Jesus Dureza, presidential adviser on the peace process, urged businessmen on Tuesday to invest in Mindanao and help the government address the threat of extremism and terrorism.
Speaking at the Asia CEO Forum in Makati City, Dureza said traders play a big role in sustaining peace.
“What we need is sustainable peace. Businesses must get in which will fuel development. There is no peace when there is no development. Peace process if development process,” he added.
He urged investors not to allow terrorists to stop their businesses.
“When Davao night market was ripped by a bomb, businessmen rushed to the area right after it was cleared. Now the place is booming with business activities and people are flocking non-stop,” Dureza pointed out.
“There can be no peace without the support of the people. The government and private companies must come out with programs that build relationships and provide opportunities to the people. Peace is like building roads that allow social cohesion,” he told the audience, composed mostly of company heads and top management officers.
Dureza said rebels in provinces burn machines or equipment of mining companies or kill their officials because local residents were not hired by these firms.
“Big companies commit major mistakes because they hire personnel, not from the area where they operate. What they should do is to train the men and women living in the area and employ them. Educate them to become technical employees,” he said.
He urged companies to be “sensitive” because the people living in the area where their businesses are located their “first line of defense.”
Citing the situation in Marawi City, Dureza narrated that two days before the end of Ramadan, he sent his employees to evacuation centers in Iligan City and asked them to go beyond giving relief goods.
“With the help of Muslim volunteers, our people gathered the evacuees and asked them to express their anger, their dissatisfaction, and ask them what kind of assistance they want and activities they want to get into. This exercise is hoped as a start of social healing,” he said.
Dureza called on businessmen to also invest in Marawi when the city has been cleared of Maute terrorists to help people there rebuild their lives.
He cited the case in Zamboanga City which was also attacked by members of the Moro National Liberation Front in 2013.
“Until now, four years after, only 50 percent of the affected residents have been given assistance. The city has not totally recovered,” the official lamented.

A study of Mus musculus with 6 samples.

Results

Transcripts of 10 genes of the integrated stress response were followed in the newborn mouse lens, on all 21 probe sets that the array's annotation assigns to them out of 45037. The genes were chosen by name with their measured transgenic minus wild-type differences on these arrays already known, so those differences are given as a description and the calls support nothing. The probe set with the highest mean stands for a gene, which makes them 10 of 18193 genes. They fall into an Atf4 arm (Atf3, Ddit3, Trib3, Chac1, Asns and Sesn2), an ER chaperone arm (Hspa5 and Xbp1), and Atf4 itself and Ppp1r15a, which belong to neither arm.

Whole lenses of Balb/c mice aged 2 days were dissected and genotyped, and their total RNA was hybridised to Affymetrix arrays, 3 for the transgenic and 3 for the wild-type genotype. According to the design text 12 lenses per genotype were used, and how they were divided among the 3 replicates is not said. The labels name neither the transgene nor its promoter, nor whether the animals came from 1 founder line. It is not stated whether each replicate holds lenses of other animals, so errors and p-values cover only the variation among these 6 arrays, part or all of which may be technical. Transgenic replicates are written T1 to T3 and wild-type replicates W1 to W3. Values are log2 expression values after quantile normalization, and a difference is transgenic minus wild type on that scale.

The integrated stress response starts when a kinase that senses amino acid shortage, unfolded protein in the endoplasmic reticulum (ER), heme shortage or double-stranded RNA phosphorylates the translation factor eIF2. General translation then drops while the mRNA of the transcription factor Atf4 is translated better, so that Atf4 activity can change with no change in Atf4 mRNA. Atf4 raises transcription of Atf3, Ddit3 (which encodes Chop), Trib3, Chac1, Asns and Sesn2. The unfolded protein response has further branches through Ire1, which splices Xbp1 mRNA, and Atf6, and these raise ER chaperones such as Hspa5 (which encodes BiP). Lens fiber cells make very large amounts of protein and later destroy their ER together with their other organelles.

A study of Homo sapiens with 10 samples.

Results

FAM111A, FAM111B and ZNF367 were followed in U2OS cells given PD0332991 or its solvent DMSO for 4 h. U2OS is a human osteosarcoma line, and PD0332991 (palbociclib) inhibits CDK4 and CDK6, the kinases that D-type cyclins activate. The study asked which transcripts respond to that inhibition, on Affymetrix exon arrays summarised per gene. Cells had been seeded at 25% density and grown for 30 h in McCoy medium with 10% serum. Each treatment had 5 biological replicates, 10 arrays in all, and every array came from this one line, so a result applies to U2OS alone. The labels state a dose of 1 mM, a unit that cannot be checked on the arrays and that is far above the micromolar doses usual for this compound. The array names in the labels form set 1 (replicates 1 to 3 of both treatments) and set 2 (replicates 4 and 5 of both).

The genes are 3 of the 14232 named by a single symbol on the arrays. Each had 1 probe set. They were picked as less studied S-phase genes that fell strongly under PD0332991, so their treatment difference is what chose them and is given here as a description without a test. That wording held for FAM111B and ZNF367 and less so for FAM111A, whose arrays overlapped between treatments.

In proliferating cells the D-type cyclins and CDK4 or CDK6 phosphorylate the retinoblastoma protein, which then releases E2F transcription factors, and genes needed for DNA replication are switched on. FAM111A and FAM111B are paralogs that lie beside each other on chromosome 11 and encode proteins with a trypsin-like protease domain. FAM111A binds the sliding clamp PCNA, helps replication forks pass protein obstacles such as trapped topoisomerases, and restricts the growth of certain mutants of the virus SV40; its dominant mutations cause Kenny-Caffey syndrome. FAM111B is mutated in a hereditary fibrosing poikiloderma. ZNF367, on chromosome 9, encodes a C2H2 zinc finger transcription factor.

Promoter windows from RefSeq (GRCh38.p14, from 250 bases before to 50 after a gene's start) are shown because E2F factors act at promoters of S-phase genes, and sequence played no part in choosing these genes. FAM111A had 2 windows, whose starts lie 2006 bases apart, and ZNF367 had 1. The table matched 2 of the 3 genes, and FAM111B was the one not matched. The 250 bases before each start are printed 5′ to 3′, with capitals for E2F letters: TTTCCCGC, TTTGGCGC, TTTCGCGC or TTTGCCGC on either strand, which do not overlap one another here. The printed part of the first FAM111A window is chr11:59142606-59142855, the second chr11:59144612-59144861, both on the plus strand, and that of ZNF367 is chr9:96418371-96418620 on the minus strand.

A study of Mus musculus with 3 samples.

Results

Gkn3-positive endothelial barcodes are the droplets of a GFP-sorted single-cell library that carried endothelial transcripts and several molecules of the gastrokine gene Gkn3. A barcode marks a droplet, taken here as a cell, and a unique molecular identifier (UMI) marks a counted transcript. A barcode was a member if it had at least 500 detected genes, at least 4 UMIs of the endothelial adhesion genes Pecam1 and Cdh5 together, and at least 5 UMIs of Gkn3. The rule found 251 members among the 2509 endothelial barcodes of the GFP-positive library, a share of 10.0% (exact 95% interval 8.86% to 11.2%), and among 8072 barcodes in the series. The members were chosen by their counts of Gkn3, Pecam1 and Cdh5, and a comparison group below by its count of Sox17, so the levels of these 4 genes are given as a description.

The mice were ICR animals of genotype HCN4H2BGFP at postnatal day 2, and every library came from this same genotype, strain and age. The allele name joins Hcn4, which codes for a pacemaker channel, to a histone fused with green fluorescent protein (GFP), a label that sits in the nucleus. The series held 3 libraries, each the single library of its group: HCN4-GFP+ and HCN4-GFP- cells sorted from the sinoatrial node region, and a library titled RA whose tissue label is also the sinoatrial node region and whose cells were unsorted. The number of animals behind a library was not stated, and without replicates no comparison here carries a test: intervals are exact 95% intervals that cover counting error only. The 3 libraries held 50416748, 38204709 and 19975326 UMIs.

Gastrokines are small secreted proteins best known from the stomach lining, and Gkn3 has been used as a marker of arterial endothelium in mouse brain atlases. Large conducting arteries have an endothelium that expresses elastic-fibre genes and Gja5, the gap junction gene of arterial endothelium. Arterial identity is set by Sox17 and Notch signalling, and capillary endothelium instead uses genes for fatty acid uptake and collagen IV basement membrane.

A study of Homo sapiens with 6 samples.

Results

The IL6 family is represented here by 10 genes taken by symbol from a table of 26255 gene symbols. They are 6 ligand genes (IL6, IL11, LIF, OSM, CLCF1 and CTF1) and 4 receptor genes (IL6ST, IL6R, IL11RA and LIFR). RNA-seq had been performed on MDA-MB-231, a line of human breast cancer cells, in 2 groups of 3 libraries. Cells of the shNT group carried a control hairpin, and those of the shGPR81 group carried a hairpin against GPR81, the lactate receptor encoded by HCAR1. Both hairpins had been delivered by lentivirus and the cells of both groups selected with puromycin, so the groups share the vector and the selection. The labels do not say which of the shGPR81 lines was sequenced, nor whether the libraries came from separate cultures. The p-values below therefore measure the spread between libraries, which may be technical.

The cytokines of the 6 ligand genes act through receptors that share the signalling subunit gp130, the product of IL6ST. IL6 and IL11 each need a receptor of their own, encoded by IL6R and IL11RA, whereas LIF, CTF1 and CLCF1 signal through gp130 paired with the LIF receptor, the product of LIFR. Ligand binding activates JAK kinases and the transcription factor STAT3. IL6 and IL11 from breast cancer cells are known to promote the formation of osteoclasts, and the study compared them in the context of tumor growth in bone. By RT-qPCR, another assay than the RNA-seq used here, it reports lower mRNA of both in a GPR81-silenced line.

Bernie Villegas, economist and professor at the University of Asia and the Pacific, gave assurances that foreign businessmen will invest in Mindanao and other areas.
He cited several reasons why foreign investors will not stay away form the country.
“First there is P30 billion remittance which means we have consumer-oriented economics considering that we have 104 million Filipinos right here. Second is the booming call center business, not only in Metro Manila but also in the provinces. Third, is 60 million Filipino local tourists.They go not just in Boracay but in Palawan, north, south, and to the rest of Mindanao,” Villegas said.
He said some areas like Clark, Iloilo and Batangas will also become major business hubs.
Other forum speakers, themselves businessmen, urged the government to hasten the rehabilitation of Marawi City.
Meanwhile, Steve Cutler, president and chief executive officer of FSC Holdings, and Marc Singer, chief analyst of Pacific Strategies & Assessments, said the government should lay down the groundwork for federalism in a bid to grant autonomy not just to Moro areas but to regions in the countryside.
Marlene Jante, president of Philippine Travel Agencies Association, admitted that there was a decline of tourist arrivals when the Marawi crisis erupted. However, travel agencies are now receiving bookings, including large groups from Europe.
Cutler said that the Philippines remains safe, citing the successful hosting of the country of the Association of Southeast Asian Nations (Asean) Summit which will conclude this coming November.
“We did not hear any single incident that disrupted the Asean meeting. Except the one in Bohol but it was clipped when authorities prevented the Abu Sayyaf Group members for spreading terror,” Cutler said.